Jennifer Stenga started crying when she got the call. She said she was just so excited.
The person on the line told her she had been accepted to compete — during halftime of the Pac-12 Football Championship — for $100,000 in tuition money.
“This would be amazing, such a blessing,” the 23-year-old Soldotna resident said. “It would pay for all of my graduate tuition, so I would come out with no loans or anything.”
Stenga is in her first year in a doctorate program studying pediatric occupational therapy in Anchorage through Creighton University. She, and thousands of other Americans, submitted videos in a DrPepper competition explaining why they should win the $100,000 prize to pay for their education.
If she passes the preliminary contest Thursday, she and one other will compete throwing footballs into a two-foot wide opening in a DrPepper can replica during halftime in Stanford Stadium on Friday for the prize money. Contestants have 30 seconds to score as many as they can.
With her education, Stenga wants to open an occupational therapy office in Soldotna. But it would only be the launch pad for a larger operation.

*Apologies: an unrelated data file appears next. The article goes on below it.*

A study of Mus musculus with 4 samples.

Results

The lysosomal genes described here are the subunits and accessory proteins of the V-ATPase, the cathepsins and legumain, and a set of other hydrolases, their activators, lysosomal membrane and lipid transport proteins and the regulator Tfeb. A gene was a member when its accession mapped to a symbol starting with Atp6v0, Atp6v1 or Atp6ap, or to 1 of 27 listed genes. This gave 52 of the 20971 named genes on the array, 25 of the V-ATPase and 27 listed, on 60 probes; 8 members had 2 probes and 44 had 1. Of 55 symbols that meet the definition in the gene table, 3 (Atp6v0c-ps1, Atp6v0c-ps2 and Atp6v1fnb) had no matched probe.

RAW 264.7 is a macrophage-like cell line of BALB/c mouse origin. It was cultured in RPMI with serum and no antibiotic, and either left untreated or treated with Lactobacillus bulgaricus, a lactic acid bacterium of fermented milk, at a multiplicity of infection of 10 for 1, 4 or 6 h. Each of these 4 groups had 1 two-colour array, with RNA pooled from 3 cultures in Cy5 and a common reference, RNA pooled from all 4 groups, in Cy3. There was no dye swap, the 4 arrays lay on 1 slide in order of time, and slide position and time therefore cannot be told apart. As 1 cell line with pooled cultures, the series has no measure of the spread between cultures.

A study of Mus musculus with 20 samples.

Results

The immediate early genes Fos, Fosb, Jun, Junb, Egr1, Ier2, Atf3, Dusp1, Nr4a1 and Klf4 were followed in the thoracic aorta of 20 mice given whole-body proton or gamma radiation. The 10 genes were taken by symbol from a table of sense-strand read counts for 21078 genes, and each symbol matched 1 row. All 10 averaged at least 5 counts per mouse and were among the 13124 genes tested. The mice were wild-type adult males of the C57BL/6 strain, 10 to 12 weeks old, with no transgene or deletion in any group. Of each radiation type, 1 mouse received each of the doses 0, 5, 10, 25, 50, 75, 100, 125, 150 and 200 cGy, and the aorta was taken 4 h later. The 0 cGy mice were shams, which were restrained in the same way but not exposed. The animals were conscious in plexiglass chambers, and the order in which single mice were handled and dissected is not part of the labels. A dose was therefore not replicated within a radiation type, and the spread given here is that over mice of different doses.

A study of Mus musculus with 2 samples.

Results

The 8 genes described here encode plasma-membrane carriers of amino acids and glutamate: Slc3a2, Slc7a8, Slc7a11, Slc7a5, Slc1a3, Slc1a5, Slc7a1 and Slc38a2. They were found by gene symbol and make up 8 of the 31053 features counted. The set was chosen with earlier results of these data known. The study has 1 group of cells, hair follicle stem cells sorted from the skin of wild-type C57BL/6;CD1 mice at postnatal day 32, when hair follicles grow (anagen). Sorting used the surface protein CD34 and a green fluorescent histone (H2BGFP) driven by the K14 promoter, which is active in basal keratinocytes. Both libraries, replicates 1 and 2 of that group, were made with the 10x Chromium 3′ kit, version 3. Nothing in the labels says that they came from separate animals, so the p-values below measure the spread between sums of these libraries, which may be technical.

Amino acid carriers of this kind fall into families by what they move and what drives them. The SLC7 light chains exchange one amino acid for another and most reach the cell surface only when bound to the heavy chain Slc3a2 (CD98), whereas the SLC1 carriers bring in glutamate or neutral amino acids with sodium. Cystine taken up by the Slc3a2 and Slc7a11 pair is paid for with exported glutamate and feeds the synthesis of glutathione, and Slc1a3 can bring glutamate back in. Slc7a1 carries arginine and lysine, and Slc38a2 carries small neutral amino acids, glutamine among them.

“I’m just a small-town girl with a big dream,” she said. “I know sometimes people think sometimes you can’t go far in a small town, but you can.”
She said she wants her services to reach beyond just the Kenai Peninsula with her office, because there is a greater need in remote villages.
“There’s so many children who don’t get service, and more so in the remote areas,” she said. “As Alaska expands, there’s going to be more of a need for practitioners.”
She said she is trying to figure out how to conduct therapy statewide, but she is still brainstorming.
“I think more so than opening clinics (in smaller villages), we’d just fly out therapists, like once a week, traveling therapists to the smaller communities,” she said.
Stenga said she initially wanted to be a pediatrician because she always had a passion for “kiddos.”
“I’ve always loved kids and working with kids,” she said, “and I just really connect with children. So I just kind of feel like it’s my calling in my life, to do whatever I can to help kids.”
When Stenga got the phone call earlier in November, she and her fiancé were driving to Anchorage.
When they came back, they had three new footballs that are now worn and tattered.
To practice her throw, her fiancé hung a tire from a tree in their back yard.
At the peak of her training, Stenga said she would throw 50 to 100 passes a day at the tire, because she said she needed work on her throw.
“I’m hoping that my basketball experience will carry over into the football world,” she said. “We’ll see.”
And so will everyone else. ABC will broadcast Friday’s game across the country.
Dan Schwartz can be reached at firstname.lastname@example.org.